If you find a bat in your house, stay calm, don’t create a fuss, and don’t scare the bat, yourself or other people in the house. Remember that bats are timid, nocturnal creatures that will reliably go well out of their way to avoid confrontations with situations and creatures that might harm them, like humans. Even if they are being chased, and even if they have rabies, they are rarely aggressive towards humans.
Also remember, if a bat is flying around inside a room, it will appear to dart in and out, up and down, quickly, to avoid hitting walls or objects in the room. It is important to understand that these quick flying maneuvers are much more likely to be from avoiding flying into objects than from trying to “attack” a human.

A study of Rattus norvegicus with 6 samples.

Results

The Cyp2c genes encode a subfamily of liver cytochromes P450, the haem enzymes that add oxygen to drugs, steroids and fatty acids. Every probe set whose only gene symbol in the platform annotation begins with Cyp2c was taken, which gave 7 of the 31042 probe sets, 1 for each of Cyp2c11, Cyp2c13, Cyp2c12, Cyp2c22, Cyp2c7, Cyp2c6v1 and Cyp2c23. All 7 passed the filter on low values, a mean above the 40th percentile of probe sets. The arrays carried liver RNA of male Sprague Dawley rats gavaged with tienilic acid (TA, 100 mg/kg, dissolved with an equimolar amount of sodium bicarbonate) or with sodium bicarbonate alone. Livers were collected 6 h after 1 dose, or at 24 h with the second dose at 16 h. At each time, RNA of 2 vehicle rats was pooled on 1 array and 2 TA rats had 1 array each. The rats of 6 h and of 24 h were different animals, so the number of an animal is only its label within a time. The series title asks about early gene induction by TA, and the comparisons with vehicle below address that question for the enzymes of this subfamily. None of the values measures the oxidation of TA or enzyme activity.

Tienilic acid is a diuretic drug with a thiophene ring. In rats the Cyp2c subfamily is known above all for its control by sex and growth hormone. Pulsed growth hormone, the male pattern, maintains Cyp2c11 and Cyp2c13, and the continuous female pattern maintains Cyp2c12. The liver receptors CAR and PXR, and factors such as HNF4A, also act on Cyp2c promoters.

It is possible that if you attempt to handle a bat, it might try to bite you, either out of fear or self-defense. Do not handle bats without wearing gloves. However, in allowing a bat to simply leave your house on their own, there will be no need to directly handle the bat.
First, you’ll want to seal up other parts of your house, doors, windows, fireplaces, etc, in the room where the bat is located. This will prevent the bat from flying into other areas of your house. Be sure to leave OPEN the door or window that the bat flew into in the first place.
If you can leave the door or window open and the bat unattended, especially until after dusk, the bat may simply fly back out of the door or window that they flew into in the first place. If you cannot leave the bat and room unattended, you might want to gently push the bat with a broom or long stick from the ceiling or wall into flying, and wait for it to fly out of the room. Chasing the bat, swatting at the bat and yelling at the bat will likely just further confuse the bat, making it more difficult for it to find its own way out of your house. It is better to simply allow the bat to leave your house, then to try to force or scare or threaten the bat into leaving.